The emerging playbook of what CPOs should be doing during a crisis …
Having written last week on what procurement teams are doing right now it seemed logical to ask the follow up question: what are CPOs doing right now?
What then, specifically, are procurement leaders working on, prioritising and thinking about at the moment, in the midst of the Covid-19 crisis?
Fortunately, despite Chatham House Rules, we can share some insights directly from the first three “CPO Coffee Club” online roundtables that are currently being hosted by PASA Connect each Thursday.
PASA connect have worked quickly to move all sessions online, review all content for compelling relevance right now, and quadruple the amount of virtual roundtable sessions;
– around 40 or so online sessions are running almost daily during April and May; each directly relevant to the many challenges facing procurement working through a crisis.
Melding the themes and talking points from the first three ‘CPO Coffee Clubs’ the core messages from attending CPOs were strikingly consistent. They also fit neatly with the four major activities of procurement teams at the current time, namely;
- Securing vital supply lines for their organisations – mostly direct supply lines
- Sourcing new stuff – the hunt is on for a reliable supply of PPE in staggering quantities
- Pausing non-operational supply lines – letting down suppliers slowly, pausing contracts, halting deliveries and negotiating force majeure.
- BAU – All those jobs you wanted to get done but never had the time; mostly within the indirect space
Plus, the compelling additional opportunity, of course, of using the gift of time well during the lockdown. What did you do during the crisis?
Aside from the actions needed to support the above activities, the other priorities currently keeping CPOs awake, include:
1. Staff welfare & management
- Managing and enabling their teams working from home remotely – some of them for the very first time. Keeping everyone informed and on board.
- Leading the team’s efforts to achieve their strategic objectives and evolving crisis imperatives and bottlenecks.
2. Team capacity planning
Allocating people to tasks, redeploying people, training new staff sent from other areas and hiring any consultants and contractors as needed. In addition, they are approving staff leave (annual, sick, carers, long-service, special, unpaid) or conducting any lay-offs or redundancies if required. How are head-office edicts (sometimes designed primarily for Europe or the US) best implemented here to ensure the right results?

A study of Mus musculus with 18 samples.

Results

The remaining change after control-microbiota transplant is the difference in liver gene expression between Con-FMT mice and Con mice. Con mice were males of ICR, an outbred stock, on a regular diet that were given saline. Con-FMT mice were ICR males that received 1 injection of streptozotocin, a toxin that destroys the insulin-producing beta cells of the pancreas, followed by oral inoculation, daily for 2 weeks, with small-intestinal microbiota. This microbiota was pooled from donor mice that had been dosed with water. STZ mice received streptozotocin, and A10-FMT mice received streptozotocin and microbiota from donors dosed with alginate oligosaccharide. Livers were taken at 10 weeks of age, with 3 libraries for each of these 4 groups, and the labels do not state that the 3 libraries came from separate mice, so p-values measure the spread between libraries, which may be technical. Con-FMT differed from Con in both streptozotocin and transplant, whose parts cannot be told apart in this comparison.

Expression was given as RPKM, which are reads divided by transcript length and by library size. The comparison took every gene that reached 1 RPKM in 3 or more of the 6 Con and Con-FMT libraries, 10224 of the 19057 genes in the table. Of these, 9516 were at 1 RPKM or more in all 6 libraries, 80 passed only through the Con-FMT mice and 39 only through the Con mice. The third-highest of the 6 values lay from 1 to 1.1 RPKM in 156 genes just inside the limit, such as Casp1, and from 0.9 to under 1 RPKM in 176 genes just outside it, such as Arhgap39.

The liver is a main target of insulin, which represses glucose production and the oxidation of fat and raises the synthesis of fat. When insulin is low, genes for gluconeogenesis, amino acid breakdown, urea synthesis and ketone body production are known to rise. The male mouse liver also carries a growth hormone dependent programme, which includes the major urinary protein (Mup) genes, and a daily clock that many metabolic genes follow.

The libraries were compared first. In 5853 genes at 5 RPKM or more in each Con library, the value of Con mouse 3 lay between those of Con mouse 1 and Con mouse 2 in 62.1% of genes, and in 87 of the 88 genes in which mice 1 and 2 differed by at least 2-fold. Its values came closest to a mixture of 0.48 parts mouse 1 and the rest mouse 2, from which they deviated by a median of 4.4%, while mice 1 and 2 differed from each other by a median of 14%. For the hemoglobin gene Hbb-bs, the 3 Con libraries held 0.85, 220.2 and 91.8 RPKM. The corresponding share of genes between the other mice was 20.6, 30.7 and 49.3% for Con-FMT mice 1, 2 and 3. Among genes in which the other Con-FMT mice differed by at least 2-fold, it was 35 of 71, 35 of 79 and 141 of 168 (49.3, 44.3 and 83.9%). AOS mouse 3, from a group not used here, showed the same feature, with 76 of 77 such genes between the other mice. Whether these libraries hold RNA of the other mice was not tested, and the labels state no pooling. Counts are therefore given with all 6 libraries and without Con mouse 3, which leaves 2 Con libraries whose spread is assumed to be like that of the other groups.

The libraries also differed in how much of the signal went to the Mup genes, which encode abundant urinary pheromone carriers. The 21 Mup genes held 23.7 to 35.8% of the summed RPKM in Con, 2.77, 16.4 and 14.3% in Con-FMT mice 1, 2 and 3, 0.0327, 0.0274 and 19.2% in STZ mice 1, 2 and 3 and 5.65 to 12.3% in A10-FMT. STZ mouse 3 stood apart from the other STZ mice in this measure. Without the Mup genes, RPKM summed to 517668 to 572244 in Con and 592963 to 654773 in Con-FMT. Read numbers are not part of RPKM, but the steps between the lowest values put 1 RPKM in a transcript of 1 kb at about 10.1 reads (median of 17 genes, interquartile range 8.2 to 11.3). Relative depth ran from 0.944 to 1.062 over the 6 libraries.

Finally, where is paper-process showing its limits? How can more relaxed or digital processes speed up responsiveness, service and even compliance? What tools are needed?
3. Cash preservation
CPOs are focusing efforts on preserving cash in the business, rather than purely trying to save costs. This might include postponing projects, cutting CapEx, avoiding retrenchments, managing payments, re-negotiating contract terms or capturing governmental support (for smaller organisations).
4. Supplier considerations
Segmenting suppliers: which are needed now, which later, which not at all? What new supply lines are needed and when? How can CPOs strike deals quickly to meet all needs? Importantly, what do suppliers need from procurement? Does procurement have some duty of care to small suppliers?
5. Procurement policy & strategy
What are the downstream implications of the crisis on inbound supply lines? What are the key lessons? What mistakes & missteps can be avoided in future? Have our sourcing decisions of the past tripped us up in a crisis? Should we amend or rebuild our BCP on the supply side?
Do we need to rebalance risk into our sourcing equations and optimise our supply networks better? Where are we paying for one-eyed procurement decisions of the past?
Perhaps changing some policies on offshoring to reshoring, buying global to buy local, JIT to buffer stocks, single-sourcing to dual or multi-sourcing?
As CPOs progress down this list of five considerations, so the questions get more difficult as they become more strategic and longer-term in scope.
Yet, the important thing to recognise is this; if we do not ask ourselves these questions now, others may be pointedly asking them later.